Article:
Libya: Indian university teachers 'kidnapped'

Image caption,
The Indians were teaching at the University of Sirte

Four Indian teachers have been kidnapped in Libya, India's foreign ministry has reported, adding later it had secured the release of two of them.

The four were abducted at a checkpoint near the city of Sirte, where they were teaching at a university.

The Islamic State (IS) group has a strong presence in Sirte, hometown of former leader Muammar Gaddafi.

Libya has descended into chaos since Gaddafi's death in October 2011, with various militias fighting for power.

The teachers, from the southern Indian states of Karnataka and Andhra Pradesh, were working with the University of Sirte.

They were kidnapped on their way back to India on Wednesday.

Image source, AFP
Image caption,
A relative in India holds up a picture of one of the abducted teachers

"They were returning to India via Tripoli and Tunis, when they were detained at a checkpoint approximately 50km (31 miles) from Sirte," an Indian foreign ministry spokesperson said.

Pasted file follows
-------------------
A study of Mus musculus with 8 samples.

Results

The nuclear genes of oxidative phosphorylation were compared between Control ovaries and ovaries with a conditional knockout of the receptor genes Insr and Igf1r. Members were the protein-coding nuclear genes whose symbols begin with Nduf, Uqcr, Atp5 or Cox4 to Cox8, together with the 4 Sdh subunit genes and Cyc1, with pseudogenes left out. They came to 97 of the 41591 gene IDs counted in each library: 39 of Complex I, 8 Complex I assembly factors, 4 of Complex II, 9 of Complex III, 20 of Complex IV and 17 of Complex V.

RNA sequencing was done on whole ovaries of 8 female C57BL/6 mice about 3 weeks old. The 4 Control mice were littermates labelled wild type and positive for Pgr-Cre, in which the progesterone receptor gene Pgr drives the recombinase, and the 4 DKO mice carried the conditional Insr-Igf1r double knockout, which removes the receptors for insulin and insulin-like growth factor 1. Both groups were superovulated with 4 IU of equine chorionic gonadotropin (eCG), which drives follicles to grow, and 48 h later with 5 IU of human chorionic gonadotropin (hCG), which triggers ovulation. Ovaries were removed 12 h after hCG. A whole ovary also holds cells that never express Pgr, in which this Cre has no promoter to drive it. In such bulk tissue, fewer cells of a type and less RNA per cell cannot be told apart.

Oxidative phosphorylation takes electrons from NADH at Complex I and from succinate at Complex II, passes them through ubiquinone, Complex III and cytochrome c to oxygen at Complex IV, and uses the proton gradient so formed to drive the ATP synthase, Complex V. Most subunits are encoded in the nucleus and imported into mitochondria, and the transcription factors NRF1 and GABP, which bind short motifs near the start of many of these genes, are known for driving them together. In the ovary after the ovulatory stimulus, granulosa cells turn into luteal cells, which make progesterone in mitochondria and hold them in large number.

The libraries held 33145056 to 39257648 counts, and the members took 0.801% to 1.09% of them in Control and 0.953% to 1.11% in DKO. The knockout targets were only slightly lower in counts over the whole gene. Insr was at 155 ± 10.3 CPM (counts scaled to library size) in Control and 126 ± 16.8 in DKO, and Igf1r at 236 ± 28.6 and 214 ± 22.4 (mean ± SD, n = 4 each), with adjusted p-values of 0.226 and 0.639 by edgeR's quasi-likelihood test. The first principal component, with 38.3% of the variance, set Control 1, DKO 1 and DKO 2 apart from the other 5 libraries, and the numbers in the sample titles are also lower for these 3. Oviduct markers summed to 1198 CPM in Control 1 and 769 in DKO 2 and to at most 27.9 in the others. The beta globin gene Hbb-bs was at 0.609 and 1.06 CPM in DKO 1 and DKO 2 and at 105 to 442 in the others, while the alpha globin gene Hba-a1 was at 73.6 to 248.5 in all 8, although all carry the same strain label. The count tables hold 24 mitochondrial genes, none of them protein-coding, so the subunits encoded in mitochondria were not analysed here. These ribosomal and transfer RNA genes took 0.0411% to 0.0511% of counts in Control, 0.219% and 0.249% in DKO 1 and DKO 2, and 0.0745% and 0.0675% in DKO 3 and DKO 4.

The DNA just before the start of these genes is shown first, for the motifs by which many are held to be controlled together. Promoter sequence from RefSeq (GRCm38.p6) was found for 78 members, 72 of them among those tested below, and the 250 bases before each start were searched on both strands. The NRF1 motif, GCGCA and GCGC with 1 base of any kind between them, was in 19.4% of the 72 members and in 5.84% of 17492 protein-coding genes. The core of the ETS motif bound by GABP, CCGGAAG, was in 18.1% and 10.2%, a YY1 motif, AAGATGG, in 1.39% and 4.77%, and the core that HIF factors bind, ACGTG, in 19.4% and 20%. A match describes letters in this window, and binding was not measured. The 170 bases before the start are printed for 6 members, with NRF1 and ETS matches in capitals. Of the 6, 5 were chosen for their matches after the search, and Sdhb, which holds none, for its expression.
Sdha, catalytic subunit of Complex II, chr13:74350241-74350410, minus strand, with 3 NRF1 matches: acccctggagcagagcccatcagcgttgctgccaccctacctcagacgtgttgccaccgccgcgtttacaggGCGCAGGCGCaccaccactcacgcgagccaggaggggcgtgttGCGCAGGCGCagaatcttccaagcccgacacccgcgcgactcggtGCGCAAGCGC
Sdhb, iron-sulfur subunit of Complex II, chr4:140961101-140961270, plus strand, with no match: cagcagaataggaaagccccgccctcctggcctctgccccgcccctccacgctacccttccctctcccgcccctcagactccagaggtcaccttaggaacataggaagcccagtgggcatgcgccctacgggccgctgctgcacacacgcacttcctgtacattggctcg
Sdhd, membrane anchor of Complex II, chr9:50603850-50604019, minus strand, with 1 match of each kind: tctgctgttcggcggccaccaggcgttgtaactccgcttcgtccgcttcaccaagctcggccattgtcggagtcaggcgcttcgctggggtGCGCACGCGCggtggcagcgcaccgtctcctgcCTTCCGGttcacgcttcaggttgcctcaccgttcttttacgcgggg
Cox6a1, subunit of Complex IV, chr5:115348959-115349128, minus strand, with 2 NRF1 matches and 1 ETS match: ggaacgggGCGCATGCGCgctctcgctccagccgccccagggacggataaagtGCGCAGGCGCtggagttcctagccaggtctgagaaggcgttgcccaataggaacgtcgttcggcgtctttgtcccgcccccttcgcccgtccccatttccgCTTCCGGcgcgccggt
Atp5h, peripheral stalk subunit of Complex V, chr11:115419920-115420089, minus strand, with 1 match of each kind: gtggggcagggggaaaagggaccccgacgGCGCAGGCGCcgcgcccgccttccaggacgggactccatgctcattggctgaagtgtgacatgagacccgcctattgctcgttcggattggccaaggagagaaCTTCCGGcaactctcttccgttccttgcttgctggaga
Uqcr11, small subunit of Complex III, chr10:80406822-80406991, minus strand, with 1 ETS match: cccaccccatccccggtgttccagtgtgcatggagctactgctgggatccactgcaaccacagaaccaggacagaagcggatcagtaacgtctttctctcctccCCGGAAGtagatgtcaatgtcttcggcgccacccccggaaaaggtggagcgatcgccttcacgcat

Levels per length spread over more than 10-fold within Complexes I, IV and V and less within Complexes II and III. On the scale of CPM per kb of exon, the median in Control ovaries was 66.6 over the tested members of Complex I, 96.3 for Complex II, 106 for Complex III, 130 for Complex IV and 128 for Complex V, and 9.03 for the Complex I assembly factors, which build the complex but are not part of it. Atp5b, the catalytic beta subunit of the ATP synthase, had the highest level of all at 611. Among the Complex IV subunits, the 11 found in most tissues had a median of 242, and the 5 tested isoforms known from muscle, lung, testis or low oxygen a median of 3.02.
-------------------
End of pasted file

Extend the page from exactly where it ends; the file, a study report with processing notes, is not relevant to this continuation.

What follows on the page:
It is still not clear who kidnapped the teachers, but the spokesperson said the Indians "have been brought back to the city of Sirte".

On Friday afternoon, a tweet by India's foreign minister, Sushma Swaraj, said the government was "able to secure the release" of two of them - named as Lakshmikant and Vijay Kumar.

"Trying for other two," the tweet said.

Most of Sirte fell to IS in May. Last July, a group of 65 Indian nurses were trapped in fighting in Libya.

The nurses, who had been working in hospitals in the country, safely returned to India in August.

In June 2014, 40 Indians - all construction workers - were kidnapped in the violence-hit Iraqi city of Mosul. Their fate is still not known.